Major U.S. cities may be leaking far more methane into the atmosphere than government estimates suggest.
New measurements found that up to twice as much gas is being released from six cities on the East Coast — Washington, D.C.; Philadelphia; Boston; New York; Providence, R.I.; and Baltimore — than estimates recorded by EPA.
Their combined methane emissions are higher than those at some of the nation's biggest natural gas production centers, including the Four Corners region and the Bakken Shale in the Dakotas.
"For context, it's quite a bit of methane for a small number of cities to be emitting," study co-author Eric Kort, a climate scientist at the University of Michigan, said in an interview with E&E News. "Does it drive the global budget? No. But is it an important component that potentially drives mitigation opportunities and is potentially important to consider when we consider the footprint of natural gas? Certainly."
While carbon dioxide remains the most significant greenhouse gas affecting the planet's climate, methane emissions are a growing concern among climate scientists. Methane persists for a shorter period of time in the atmosphere than CO2, but its climate-warming influence is much more potent while it lasts.
The new study isn't the first to suggest that the amount of methane released during the production of natural gas may be higher than previously thought. A striking analysis published in Science last year found that methane from the oil and gas supply chain could be up to 60% higher than estimates by EPA.
But what about cities? Emissions from urban centers have been an "under-examined part of the methane budget," the authors of the new study write.
Several studies have begun investigating the issue at a local level, looking at specific urban centers such as Boston or Washington. Yesterday's study builds on those efforts. The findingswere published last week in the journal Geophysical Research Letters.
The six cities are notable not only for their size — they account for 12% of the U.S. population — but also for their aging infrastructure, which the authors note may make them more prone to leaks in the natural gas distribution network.
The researchers, including scientists from the University of Michigan, Harvard University and NOAA, collected their data using aircraft equipped with sensors that measure gases in the atmosphere, including carbon dioxide, carbon monoxide, ethane and methane.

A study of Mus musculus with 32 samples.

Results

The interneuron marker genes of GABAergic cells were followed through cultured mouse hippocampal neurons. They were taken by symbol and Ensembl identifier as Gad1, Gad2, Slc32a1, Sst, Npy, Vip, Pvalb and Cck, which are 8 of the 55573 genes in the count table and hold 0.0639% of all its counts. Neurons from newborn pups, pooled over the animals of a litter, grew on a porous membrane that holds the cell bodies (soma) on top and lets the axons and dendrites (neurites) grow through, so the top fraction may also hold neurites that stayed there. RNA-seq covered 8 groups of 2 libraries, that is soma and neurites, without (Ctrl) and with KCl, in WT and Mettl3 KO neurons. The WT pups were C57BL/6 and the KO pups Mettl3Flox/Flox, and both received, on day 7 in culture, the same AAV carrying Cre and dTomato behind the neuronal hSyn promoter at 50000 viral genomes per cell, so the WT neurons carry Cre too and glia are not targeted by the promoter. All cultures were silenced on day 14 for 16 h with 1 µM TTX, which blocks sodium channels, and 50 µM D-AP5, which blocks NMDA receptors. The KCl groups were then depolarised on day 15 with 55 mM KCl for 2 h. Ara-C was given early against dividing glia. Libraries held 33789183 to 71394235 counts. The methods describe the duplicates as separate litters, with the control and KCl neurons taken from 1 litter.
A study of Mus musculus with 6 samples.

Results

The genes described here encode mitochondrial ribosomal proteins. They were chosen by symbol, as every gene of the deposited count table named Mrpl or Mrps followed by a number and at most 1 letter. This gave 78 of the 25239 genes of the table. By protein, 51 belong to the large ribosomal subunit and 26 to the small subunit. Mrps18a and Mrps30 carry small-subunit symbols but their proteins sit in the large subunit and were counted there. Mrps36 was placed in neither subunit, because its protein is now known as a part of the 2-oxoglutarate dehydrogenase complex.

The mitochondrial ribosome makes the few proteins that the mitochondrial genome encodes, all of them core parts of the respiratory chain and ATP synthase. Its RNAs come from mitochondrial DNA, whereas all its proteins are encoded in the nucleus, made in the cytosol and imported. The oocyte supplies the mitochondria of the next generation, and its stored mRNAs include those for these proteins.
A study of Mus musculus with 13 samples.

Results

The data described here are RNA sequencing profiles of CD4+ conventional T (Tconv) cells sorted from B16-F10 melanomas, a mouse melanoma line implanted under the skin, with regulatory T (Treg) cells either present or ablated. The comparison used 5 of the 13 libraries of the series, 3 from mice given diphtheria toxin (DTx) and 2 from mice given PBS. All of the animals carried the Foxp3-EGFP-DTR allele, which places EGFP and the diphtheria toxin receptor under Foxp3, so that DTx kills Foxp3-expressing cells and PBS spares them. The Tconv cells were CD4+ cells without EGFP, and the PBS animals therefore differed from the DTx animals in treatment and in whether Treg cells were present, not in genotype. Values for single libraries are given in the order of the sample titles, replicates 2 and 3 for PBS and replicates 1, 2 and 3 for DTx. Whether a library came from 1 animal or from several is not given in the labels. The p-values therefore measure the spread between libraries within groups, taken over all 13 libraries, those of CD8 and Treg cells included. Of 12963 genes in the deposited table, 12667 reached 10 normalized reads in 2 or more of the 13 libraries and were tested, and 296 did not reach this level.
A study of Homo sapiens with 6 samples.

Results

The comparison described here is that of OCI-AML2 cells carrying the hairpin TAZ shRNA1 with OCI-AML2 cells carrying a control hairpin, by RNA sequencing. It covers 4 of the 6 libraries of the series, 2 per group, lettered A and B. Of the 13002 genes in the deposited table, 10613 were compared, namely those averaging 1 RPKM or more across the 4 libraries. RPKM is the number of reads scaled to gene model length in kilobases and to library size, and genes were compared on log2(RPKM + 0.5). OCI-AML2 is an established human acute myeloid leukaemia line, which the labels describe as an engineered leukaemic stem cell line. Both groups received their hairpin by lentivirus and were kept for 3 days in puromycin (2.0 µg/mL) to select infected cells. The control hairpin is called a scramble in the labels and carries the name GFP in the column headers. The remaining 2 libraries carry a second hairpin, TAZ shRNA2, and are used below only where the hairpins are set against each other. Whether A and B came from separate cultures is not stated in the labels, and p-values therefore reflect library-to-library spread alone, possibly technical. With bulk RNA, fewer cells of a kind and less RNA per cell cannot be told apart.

The measurements suggest that the cities' combined methane emissions come to about 8.9 teragrams — or 890,000 metric tons — each year. That's more than twice the estimate currently reported for those cities in EPA's most recent methane inventory.
Methane can be produced from a variety of sources. The researchers narrow down those possibilities by pointing to the presence of other gases typically associated with the distribution of natural gas, namely ethane. That would seem to indicate that the majority of the emissions is coming from the natural gas supply chain.
Exactly where in the distribution process the leaks are occurring remains a question, Kort notes.
"We can pinpoint pretty well ... that this much is coming from emissions that are coming out of the natural gas distribution system somewhere in this domain," he said. "But what we can't say very well is did that come out of pipelines that are sending things into different neighborhoods, or pipes into people's homes, or does it come out in people's homes?"
The researchers also can't say for sure whether these findings are likely to apply to other cities in other regions of the United States.
"It's probably likely that cities that have a similar profile — that is, similar age distribution profile, similar compositions, similar climates — probably behave similarly," Kort said. "But more measurements would certainly be needed. And newer cities might be expected to be less leaky because they have newer pipeline systems."
What it all means for U.S. methane emissions as a whole remains unclear. At least one paper, published in May in Geophysical Research Letters, has suggested that the nation's total methane emissions have remained fairly flat over the past decade, even if they're rising at oil and gas facilities (Climatewire, May 16).
Still, identifying new sources of methane leaks from any sector can provide opportunities to reduce the climate-warming emissions even further.
"This type of measurement and this type of knowledge really helps us understand U.S. emissions of methane, how we might attribute it, what the impacts are of using natural gas as a fuel source," Kort said. "That's where this really gives us information and provides context for mitigation policy."
Reprinted from Climatewire with permission from E&E News. E&E provides daily coverage of essential energy and environmental news at www.eenews.net.